Each center has its own computer hardware and software. A network of data lines connects each center to its neighbors, as well as approach and tower facilities in the geographic region. Voice communications lines, commonly referred to as “land lines”, allow controllers to communicate with each other between facilities and within each facility. Controllers coordinate the movement of air traffic through these land lines, and many common coordination tasks are accomplished by communications between computers via the data lines.

In addition to the voice communications you hear on the frequency, air traffic controllers are also dealing with each other on these land lines. Should a controller become so busy with land lines that it becomes difficult to communicate with the pilots on the radio, another controller will be assigned to assist. The assisting controller is called a D-side and exclusively takes on the task of handling land line communications. This frees the R-side controller to deal with the airplanes. Just because a frequency is quiet, doesn’t mean there is nothing going on. Controllers have to communicate with each other very often. They might be communicating over a line and are often times simply shouting across the room at one another.

One such common task is a handoff. Each controller is designated a geographic area of jurisdiction. The controller cannot allow traffic under his control to enter another area of jurisdiction without permission from the receiving controller. A handoff is initiated from the transferring controller via computer. The receiving controller will then accept the handoff via computer, and the airplane’s radar data tag conveys the status of the handoff to both controllers. Once the receiving controller has accepted the radar handoff, the transferring controller will switch the flight over to the next controller's frequency. A handoff can also be made manually by voice communications between the two controllers.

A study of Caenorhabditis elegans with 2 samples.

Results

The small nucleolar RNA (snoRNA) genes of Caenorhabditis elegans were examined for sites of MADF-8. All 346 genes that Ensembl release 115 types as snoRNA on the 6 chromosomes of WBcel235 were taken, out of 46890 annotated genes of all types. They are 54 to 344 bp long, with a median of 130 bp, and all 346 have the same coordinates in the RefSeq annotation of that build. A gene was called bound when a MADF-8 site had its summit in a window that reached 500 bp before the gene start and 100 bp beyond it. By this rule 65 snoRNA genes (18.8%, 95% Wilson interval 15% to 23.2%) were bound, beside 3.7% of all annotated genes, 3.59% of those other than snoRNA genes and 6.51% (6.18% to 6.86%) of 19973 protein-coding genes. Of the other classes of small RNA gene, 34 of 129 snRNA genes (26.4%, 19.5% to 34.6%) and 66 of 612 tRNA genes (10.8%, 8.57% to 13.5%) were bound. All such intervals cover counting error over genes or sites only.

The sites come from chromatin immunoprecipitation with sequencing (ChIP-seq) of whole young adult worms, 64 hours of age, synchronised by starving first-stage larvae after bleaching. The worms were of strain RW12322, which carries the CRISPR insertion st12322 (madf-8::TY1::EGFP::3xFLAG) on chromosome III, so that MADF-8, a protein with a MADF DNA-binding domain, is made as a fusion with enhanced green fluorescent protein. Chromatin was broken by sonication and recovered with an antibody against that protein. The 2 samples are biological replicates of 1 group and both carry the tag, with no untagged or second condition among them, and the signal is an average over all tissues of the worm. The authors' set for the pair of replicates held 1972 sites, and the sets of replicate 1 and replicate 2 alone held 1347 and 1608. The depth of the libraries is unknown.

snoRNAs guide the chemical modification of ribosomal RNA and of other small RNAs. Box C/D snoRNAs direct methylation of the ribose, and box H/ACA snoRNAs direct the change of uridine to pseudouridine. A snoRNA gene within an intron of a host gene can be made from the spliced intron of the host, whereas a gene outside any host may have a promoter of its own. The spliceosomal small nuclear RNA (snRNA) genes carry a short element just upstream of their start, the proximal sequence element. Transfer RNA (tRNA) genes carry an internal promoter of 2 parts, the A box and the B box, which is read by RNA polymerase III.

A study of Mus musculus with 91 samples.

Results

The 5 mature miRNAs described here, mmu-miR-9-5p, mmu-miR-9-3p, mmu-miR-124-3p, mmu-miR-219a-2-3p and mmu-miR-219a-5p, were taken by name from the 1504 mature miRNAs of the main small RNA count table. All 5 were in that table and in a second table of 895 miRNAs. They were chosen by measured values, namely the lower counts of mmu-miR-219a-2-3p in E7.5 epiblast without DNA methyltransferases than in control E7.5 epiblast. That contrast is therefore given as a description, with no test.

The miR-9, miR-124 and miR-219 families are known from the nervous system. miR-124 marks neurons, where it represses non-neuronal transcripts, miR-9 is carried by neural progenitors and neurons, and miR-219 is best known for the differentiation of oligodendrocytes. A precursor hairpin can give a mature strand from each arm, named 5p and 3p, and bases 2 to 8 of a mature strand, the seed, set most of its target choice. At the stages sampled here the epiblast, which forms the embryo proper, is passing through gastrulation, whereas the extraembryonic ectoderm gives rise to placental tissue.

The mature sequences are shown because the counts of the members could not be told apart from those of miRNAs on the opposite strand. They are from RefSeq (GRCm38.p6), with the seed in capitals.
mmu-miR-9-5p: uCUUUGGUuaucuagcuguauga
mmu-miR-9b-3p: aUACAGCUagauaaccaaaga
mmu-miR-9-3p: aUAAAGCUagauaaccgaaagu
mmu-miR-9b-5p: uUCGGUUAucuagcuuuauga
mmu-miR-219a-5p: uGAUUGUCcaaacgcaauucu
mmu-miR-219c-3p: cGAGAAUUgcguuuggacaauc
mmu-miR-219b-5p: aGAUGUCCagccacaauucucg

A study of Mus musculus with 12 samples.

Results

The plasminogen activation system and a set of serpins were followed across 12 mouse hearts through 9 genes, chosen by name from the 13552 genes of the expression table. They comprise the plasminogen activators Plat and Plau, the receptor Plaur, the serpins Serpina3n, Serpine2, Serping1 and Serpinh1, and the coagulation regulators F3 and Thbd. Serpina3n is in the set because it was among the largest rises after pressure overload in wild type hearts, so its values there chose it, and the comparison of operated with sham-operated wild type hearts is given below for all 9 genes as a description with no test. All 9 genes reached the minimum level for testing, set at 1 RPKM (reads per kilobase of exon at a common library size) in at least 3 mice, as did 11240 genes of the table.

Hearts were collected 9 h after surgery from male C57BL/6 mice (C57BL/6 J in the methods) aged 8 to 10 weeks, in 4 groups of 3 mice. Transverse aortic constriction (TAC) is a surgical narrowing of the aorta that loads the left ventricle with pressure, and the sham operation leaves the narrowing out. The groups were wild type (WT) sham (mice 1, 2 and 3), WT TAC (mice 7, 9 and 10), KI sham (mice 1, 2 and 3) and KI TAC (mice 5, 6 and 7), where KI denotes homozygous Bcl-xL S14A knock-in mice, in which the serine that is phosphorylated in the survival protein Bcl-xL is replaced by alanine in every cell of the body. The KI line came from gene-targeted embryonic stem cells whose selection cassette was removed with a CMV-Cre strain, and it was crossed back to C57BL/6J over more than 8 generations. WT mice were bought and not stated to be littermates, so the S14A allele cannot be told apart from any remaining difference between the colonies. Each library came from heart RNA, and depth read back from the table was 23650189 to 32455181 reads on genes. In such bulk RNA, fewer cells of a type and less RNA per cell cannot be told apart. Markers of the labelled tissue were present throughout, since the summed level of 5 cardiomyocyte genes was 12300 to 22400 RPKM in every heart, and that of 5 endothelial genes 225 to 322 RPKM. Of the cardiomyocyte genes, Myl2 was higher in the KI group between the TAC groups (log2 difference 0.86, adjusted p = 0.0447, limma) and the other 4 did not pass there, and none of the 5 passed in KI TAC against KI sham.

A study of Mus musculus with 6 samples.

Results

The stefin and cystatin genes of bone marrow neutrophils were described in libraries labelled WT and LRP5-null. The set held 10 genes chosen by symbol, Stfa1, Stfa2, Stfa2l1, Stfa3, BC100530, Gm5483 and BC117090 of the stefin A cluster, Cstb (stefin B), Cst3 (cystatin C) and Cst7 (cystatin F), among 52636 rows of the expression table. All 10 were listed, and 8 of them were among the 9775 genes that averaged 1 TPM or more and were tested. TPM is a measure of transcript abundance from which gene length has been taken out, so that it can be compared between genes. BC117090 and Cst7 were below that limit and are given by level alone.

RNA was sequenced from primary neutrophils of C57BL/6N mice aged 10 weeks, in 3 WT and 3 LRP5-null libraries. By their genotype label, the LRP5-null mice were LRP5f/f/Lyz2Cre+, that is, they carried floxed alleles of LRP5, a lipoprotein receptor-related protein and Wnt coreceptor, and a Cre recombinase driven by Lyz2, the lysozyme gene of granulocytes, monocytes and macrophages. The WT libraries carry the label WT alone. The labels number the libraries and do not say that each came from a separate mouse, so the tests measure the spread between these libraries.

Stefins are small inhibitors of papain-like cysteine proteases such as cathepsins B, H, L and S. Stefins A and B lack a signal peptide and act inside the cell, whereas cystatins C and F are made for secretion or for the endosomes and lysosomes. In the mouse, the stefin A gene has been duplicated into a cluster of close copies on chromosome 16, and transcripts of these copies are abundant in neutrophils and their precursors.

Each facility is broken down into smaller areas of jurisdiction called sectors. Approach control facilities typically have arrival and departure sectors, while center sectors are delegated for a geographic area. Each sector has its own lateral and vertical limits. During slow times, sectors are combined so that one controller works multiple sectors.

Handoffs must be made vertically and laterally. This is why certain altitudes are used over and over in a specific airspace or by a specific facility. The controller is climbing traffic to the upper limit or descending traffic to the lower limit of the sector. A handoff is then initiated to the sector above or below. Quite often, communications is transferred to the receiving controller and the airplane is allowed to climb or descend into the next sector without actually having to level off. But, the transferring controller cannot issue an altitude in another controller’s airspace without permission.

The vertical and lateral limits of an approach control facility are normally fairly complicated, being custom tailored for each airspace area. Center sectors are divided vertically into three stratums, which are low, high, and super high. Low altitude sectors usually extend from FL230 down to the surface or upper limit of airspace delegated to approach or tower. High altitude sectors normally extend from FL240 up to somewhere between FL290 and FL360.